Two months before Jenny Han’s young adult novel “The Summer I Turned Pretty” hit bookshelves in 2009, the film adaptation of “The Hunger Games” went into development — generating almost $700 million at the global box office three years later.

But Han doesn’t want to write another “Hunger Games” or “Divergent” or even “Twilight,” despite the massive success of all three.

“You didn’t often see a trilogy that was a realistic, contemporary story. Either it was dystopian or fantasy, like vampires. Really life-or-death stakes,” Han, who also wrote the bestselling trilogy “To All The Boys,” told the Daily News.

“I like to tell stories that feel both real but also ... hopeful and warmhearted.”

Han’s young adult novels, typically aimed at readers between 12 and 18, don’t have dragons or vampires. But they have the same teenage problems of love, loss and growth.

The TV adaptation of “The Summer I Turned Pretty,” which premiered last Friday on Prime Video, came at a good time for Han after stops and starts. Now, she gets to make her own show about teenage love and summers that exist out of time and reality.

Like “To All The Boys,” the teens of “The Summer I Turned Pretty” are consumed by their lives. Every furtive glance across the beach is the most important eye contact in the world. Every brush of shoulders at the ice cream parlor is the most electric touch in history. For the history of young adult content, those feelings have been dismissed as childish and inconsequential. YA novels, shows and movies are for silly girls.

Not for Han.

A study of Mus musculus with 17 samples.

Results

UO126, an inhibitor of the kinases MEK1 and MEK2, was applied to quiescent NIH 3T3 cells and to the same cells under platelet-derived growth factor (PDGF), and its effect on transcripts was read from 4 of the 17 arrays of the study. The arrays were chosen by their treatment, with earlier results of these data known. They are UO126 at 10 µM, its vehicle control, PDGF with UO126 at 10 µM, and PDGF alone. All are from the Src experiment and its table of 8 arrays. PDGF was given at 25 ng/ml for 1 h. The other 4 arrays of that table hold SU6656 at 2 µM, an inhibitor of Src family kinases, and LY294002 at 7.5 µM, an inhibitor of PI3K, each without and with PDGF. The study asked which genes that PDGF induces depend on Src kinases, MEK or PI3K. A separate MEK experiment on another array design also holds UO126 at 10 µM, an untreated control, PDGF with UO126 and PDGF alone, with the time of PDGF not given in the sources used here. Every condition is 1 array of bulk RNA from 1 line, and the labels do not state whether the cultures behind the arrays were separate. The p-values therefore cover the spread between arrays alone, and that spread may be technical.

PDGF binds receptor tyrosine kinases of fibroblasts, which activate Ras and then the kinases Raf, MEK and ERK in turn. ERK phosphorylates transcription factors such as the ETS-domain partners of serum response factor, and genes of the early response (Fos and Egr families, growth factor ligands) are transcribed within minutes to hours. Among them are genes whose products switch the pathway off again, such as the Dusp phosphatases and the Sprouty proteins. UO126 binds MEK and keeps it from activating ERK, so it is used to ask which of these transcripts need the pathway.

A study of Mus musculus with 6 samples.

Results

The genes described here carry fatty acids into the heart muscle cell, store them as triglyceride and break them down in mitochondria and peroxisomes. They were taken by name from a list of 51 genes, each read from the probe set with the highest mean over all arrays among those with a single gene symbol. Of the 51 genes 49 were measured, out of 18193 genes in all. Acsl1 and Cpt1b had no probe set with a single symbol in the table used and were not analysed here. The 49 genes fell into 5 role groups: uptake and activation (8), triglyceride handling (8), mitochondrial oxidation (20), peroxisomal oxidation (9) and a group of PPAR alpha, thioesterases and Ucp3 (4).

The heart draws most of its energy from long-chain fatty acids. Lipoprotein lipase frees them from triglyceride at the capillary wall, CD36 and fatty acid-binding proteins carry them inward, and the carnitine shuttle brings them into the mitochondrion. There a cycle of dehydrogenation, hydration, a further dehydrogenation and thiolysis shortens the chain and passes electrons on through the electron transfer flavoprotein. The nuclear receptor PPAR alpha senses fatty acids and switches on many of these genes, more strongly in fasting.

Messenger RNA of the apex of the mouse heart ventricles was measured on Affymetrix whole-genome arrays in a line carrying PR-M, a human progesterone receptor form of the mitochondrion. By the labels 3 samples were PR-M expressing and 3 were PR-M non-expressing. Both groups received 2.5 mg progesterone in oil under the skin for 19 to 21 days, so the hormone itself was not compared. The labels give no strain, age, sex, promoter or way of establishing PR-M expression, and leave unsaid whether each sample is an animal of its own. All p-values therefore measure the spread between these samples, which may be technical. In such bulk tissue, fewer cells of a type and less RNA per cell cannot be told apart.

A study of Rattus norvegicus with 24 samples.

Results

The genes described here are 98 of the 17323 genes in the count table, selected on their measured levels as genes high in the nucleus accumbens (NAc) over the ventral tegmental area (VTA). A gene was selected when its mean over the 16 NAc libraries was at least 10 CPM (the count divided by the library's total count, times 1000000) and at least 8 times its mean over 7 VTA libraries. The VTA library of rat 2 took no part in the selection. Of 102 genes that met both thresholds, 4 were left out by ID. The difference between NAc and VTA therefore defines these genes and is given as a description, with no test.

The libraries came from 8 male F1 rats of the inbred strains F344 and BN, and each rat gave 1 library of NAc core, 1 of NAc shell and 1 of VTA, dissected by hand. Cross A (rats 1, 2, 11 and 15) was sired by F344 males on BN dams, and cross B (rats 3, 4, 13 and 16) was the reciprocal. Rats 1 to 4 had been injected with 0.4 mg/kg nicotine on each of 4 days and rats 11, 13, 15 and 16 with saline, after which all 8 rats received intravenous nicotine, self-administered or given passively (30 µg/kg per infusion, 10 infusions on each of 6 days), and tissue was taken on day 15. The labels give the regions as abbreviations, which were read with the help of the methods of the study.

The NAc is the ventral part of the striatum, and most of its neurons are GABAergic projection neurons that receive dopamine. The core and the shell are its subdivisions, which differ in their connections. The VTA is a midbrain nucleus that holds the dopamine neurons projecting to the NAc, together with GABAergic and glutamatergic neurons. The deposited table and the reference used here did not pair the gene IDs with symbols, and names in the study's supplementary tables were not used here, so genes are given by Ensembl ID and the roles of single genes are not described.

“Everything that they’re feeling is just as important and relevant as something an adult person is feeling. It’s just all in the context on the scale of experience,” she told The News.

“When you’re in high school, being dumped or losing your best friend really is high stakes; that’s how big your world is in that moment. As an adult, going through a divorce or being fired at work, those are the same emotions. One isn’t more relevant than the other one. It’s just about the scope of a person’s life and how much bigger things get as you get older.”

For Han, there’s no insult in her work being categorized as a beach read. She wants you to sit on a deck chair in a big comfy T-shirt with a pizza and sink into her fictional world. There doesn’t need to be a vampire who sparkles in the sun and creeps through your bedroom window at night. There doesn’t need to be a death match in which teens kill or get killed.

Han said should people ask why one girl’s life justifies three books, she’d answer: “We should value those stories. We should value one girl’s life at a moment in time where she’s just growing up.”